Adidas Will Fight Anyone Trying to Trademark Stripes. Its Latest Target: J.Crew.
The sportswear company has filed 16 trademark opposition cases this year
It’s a common myth that the Adidas name is an acronym for “all day I dream about soccer,” or “sports” (it’s actually named after founder Adolf “Adi” Dassler). But these days, the sportswear company may just get a new backronym: All day I dream about stripes.
While Adidas has been publicly vying for your sneaker dollars against the Nike juggernaut, they’ve been privately waging a war in the trademark office over the use of stripes. The brand’s latest target is J.Crew.
According to Law360, J.Crew filed a trademark application last year with the United States Patent and Trademark office for a design consisting of five parallel bands of color including burgundy, ivory, navy blue, ivory and burgundy, in that order. The clothing brand hoped to use the five-stripe design “on apparel ranging from tops and shorts to bowties and pajamas, as well as handbags, luggage, business card cases, and beach bags,” writes The Fashion Law. Then last week, Adidas swooped in to block it.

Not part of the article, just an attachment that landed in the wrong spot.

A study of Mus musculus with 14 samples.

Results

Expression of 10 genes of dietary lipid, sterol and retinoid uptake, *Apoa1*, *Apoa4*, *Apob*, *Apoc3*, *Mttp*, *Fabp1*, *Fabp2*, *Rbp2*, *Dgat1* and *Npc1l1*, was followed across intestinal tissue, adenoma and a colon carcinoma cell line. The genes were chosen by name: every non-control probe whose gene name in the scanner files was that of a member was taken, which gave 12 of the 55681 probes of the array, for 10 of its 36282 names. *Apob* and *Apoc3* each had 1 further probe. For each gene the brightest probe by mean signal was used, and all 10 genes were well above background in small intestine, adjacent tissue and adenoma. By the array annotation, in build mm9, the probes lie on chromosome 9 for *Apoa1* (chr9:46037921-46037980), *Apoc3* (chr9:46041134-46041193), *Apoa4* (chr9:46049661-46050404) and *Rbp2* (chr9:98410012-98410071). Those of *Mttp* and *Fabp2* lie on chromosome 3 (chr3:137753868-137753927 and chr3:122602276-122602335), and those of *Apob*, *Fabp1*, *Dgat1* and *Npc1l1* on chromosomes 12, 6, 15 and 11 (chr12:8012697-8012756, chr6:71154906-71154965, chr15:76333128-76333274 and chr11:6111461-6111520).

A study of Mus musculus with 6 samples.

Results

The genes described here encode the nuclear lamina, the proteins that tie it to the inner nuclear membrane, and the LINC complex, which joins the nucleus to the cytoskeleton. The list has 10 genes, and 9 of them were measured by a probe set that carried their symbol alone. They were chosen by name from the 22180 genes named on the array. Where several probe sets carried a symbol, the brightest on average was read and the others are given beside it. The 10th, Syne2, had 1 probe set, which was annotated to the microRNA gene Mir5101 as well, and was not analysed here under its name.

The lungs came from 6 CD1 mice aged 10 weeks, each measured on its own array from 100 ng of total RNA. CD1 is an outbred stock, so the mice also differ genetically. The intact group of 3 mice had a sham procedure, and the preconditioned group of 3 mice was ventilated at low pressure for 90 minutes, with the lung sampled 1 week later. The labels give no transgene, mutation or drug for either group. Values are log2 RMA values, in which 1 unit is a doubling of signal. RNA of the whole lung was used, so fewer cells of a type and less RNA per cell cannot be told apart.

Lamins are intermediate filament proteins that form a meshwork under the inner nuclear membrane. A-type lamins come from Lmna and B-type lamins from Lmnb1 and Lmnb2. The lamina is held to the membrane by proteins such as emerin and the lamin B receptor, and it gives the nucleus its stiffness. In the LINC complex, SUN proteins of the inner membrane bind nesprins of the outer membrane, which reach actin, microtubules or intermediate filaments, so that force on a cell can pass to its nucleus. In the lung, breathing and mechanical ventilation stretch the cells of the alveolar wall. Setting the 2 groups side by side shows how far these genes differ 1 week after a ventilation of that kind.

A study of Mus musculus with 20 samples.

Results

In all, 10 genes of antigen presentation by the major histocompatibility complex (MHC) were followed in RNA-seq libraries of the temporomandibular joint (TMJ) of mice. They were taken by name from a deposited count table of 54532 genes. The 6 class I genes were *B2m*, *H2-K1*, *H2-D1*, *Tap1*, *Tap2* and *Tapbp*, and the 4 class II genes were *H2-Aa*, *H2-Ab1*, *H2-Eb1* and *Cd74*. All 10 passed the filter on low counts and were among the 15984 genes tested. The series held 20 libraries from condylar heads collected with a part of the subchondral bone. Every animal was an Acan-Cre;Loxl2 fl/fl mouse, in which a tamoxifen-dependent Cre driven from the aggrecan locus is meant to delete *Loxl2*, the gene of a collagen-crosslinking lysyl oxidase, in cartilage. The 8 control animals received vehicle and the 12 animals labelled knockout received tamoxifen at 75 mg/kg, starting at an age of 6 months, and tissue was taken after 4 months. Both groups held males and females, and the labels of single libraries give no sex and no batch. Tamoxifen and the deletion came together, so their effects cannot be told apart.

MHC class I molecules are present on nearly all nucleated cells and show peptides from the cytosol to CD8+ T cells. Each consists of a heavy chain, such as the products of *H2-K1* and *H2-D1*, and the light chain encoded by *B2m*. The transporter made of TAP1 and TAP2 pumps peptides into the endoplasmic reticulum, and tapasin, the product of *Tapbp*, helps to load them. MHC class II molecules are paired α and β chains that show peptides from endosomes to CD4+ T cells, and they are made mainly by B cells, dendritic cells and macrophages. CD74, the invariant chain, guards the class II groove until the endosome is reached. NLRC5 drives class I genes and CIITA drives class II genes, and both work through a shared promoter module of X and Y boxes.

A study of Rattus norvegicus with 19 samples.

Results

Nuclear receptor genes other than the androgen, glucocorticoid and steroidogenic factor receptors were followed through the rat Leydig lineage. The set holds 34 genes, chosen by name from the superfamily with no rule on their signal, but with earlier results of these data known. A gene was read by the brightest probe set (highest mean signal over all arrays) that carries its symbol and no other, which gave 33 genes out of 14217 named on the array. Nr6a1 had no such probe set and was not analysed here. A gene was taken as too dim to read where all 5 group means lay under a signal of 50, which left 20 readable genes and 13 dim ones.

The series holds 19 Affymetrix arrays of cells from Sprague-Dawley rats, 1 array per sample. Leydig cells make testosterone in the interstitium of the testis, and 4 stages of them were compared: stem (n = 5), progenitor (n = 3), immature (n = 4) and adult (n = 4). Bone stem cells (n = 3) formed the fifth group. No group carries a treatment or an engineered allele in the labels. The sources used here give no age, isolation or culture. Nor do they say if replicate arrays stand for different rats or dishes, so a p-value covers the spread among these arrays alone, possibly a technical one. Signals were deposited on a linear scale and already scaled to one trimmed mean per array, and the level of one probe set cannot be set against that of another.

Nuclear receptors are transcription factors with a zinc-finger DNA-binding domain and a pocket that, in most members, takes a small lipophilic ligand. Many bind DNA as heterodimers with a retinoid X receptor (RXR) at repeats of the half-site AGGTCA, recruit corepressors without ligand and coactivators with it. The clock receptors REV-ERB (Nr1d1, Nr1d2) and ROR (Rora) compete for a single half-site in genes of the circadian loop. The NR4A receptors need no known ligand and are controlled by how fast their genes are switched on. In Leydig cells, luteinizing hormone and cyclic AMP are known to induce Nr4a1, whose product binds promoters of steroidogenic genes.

Adidas claims the five multi-colored stripes proposed by J.Crew are too similar to its own three black stripes. Specifically, as quoted in The Fashion Law, the sportswear company “believes that [it] will be damaged by the issuance of a registration” to J.Crew; it worries that consumers will assume that J.Crew is “affiliated, connected, or associated with [adidas]”; and it is hopelessly verklempt that J.Crew’s design would “dilute the distinctiveness of the three-stripe mark by eroding consumers’ exclusive identification of the three-stripe mark with adidas.” Really.
If that sounds paranoid, ridiculous or indefensible, you’d be right on the first two. Adidas has been fighting a constant battle to protect its stripe design, many times successfully. In 2019 alone, the company has filed 16 Trademark Trial and Appeal Board cases, according to Law360.
In 2017, it challenged Tesla’s Model 3 logo, and Tesla changed it (though reportedly not because of Adidas). That same year, it settled a case out of court against Forever 21 who called Adidas a “bully.” But it hasn’t been a clean sweep — this past June, a huge trademark push for the design in the EU failed.
Against J.Crew, however, Adidas is looking like it will win out. According to The Fashion Law, the brands “are attempting to resolve their trademark differences on their own.” Will J.Crew stand up to the bully? Or will it stay on its downward trend to irrelevancy?